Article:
Ford of Canada produced different models before the 1965 Auto Pact agreement that ensured the United States and Canada would produce more models that ran under the same banner in both countries.
Prior to 1965, the two countries built cars that were different in many ways.
For example an American-built Pontiac had different names and were bigger than their Canadian counterparts, while a late 1950s Canadian Dodge had different names and Plymouth fins on the back-thus the name “Plodge” in Canada’s car guy circles.
Ford of Canada produced several unique models before the Auto Pact agreement, including the Monarch model built from 1946-1957 and 1959-61 (not to be confused with the late 1970s-era Monarch sold on both sides of the Canadian/American border).
This brief automotive history lesson leads us to a 1947 Ford of Canada-built Monarch convertible that is owned by a car guy named Merill Meyer. Merill respects the history of his very rare Canuck convertible and told MyStarCollectorCar that his car was one of only 41 Monarch convertibles built by Ford of Canada in 1947.
Merill’s car may well be the finest example of an original 1947 Monarch convertible in existence today. He has preserved the car in its original form with the exception of the dual exhausts that allow its original 239 cubic inch flathead V-8 to breathe better while it’s in operation.
Merill told MSCC that he was “looking for a Merc when he tripped over a Monarch” four years ago. Merill decided to replace the Monarch’s convertible top and give the engine a valve job when he became owner.
Merill also dealt with the manual transmission issue in his car and noted the running gear behind a flattie is “all the same when it comes to the earlier Ford models”. Ford’s compatibility factor made things a lot easier for Merrill when he decided to re-furbish his Canadian Ford model.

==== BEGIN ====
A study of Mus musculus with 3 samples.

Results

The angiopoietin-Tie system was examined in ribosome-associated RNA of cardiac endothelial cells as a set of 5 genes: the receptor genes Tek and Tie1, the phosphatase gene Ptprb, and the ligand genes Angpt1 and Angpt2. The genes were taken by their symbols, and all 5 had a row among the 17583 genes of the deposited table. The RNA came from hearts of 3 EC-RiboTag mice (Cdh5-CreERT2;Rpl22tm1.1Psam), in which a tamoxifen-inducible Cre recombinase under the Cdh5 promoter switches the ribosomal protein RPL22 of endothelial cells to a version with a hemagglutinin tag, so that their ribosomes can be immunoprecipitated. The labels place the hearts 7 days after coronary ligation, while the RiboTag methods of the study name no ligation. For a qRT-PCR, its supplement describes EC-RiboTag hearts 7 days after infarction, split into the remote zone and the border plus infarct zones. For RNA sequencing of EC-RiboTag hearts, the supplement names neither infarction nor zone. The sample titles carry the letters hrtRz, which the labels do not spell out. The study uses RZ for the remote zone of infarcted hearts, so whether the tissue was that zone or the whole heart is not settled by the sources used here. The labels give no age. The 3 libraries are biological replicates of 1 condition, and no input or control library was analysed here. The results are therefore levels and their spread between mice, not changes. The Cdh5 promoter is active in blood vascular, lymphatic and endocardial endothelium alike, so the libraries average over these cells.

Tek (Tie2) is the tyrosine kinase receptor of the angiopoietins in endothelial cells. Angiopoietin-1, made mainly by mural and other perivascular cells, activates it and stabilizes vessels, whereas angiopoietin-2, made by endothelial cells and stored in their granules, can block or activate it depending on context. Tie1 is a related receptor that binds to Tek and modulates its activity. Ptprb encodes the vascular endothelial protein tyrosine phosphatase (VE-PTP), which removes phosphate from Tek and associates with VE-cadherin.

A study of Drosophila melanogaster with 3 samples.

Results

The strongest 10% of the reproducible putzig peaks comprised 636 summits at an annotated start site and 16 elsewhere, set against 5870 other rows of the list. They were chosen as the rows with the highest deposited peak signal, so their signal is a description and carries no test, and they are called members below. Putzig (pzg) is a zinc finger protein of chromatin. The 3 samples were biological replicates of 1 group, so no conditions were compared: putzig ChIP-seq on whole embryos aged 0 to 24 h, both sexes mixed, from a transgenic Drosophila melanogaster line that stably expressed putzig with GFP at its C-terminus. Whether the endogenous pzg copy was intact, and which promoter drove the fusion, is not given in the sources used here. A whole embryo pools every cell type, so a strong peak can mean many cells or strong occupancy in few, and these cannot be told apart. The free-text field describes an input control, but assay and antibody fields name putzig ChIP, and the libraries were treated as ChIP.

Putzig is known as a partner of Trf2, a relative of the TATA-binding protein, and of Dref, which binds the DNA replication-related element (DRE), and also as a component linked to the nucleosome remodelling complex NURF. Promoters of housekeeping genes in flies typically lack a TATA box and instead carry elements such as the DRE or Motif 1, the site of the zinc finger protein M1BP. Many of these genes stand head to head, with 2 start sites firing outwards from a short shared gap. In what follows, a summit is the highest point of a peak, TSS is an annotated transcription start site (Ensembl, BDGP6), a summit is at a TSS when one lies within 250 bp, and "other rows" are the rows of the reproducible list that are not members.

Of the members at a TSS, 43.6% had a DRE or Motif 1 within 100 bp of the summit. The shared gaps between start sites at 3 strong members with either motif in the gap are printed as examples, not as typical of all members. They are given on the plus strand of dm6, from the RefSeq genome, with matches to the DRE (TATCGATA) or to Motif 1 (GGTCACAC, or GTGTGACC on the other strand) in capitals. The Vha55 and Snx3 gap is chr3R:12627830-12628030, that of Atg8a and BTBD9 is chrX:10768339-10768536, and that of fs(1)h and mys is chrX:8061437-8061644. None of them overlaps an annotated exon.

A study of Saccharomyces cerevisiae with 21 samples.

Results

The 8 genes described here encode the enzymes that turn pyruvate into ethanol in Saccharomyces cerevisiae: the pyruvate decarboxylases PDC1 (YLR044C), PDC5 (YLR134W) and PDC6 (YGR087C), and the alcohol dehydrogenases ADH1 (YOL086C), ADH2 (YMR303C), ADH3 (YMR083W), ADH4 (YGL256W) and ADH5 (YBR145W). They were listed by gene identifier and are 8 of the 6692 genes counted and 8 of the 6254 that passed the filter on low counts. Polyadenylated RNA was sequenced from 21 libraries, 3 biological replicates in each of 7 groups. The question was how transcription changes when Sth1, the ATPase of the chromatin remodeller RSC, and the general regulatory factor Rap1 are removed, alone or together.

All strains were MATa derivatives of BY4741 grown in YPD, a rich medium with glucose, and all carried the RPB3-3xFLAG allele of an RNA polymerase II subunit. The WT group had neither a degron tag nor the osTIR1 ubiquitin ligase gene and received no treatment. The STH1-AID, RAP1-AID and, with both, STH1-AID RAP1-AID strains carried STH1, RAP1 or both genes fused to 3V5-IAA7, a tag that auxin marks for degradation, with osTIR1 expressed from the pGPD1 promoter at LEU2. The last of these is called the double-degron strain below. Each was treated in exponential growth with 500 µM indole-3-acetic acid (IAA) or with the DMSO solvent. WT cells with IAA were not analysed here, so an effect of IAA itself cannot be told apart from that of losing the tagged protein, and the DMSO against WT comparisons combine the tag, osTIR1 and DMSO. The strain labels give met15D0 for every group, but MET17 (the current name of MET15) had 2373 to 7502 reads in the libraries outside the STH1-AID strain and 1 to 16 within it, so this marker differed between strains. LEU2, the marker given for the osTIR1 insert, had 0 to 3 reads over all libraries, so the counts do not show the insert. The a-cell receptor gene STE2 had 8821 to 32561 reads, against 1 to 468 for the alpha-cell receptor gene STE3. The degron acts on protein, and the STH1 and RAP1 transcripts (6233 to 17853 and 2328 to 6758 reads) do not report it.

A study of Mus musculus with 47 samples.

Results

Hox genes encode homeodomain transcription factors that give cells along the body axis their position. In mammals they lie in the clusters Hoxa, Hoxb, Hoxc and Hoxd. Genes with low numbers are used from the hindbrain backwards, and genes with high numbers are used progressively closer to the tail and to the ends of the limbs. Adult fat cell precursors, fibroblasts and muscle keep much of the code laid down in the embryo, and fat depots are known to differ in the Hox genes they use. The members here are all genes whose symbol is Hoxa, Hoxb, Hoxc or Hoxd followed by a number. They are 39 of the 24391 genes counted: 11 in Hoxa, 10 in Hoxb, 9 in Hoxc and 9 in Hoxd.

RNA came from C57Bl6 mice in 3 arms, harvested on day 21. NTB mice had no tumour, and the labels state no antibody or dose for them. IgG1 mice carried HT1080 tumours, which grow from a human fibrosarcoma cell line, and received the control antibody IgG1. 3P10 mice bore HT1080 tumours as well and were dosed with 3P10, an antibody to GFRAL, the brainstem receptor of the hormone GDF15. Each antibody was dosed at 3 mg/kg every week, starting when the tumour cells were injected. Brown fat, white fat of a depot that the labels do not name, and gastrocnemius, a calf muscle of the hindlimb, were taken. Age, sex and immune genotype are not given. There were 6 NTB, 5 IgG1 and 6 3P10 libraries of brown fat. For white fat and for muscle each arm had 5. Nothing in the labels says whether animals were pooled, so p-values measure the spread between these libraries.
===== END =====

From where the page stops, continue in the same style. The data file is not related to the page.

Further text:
The Monarch was not equipped with a signal light system from the factory and has a vintage aftermarket signal light system to cope with modern traffic where most drivers think hand turn signals are simply a friendly wave gesture made by drivers.
The car has a torque tube driveshaft system that complicates a clutch repair in Merill’s opinion. He said the repair could only be made if the engine or rear end was removed during the process to allow proper access to the clutch assembly. Merill added the cars were built in a fashion that allowed the engine or differential to be removed easier than a typical car.
Merill also noted that a 71-year-old radiator is usually beyond repair, but his Monarch’s rad is still in good shape. He is still comfortable at 60 MPH behind the wheel of his Monarch when he has an opportunity to drive his car on the highway and has not encountered any overheating issues.
The 1947 Monarch is an excellent representative of a bygone automotive era because Merill respects its originality.
MSCC will give Merill the final comment on this matter: “If you don’t keep it original, then just take money and put a match to it.”
BY: Jim Sutherland
Jim Sutherland is a veteran automotive writer whose work has been published by many major print and online publications. The list includes Calgary Herald, The Truth About Cars, Red Deer Advocate, RPM Magazine, Edmonton Journal, Montreal Gazette, Windsor Star, Vancouver Province, and Post Media Wheels Section.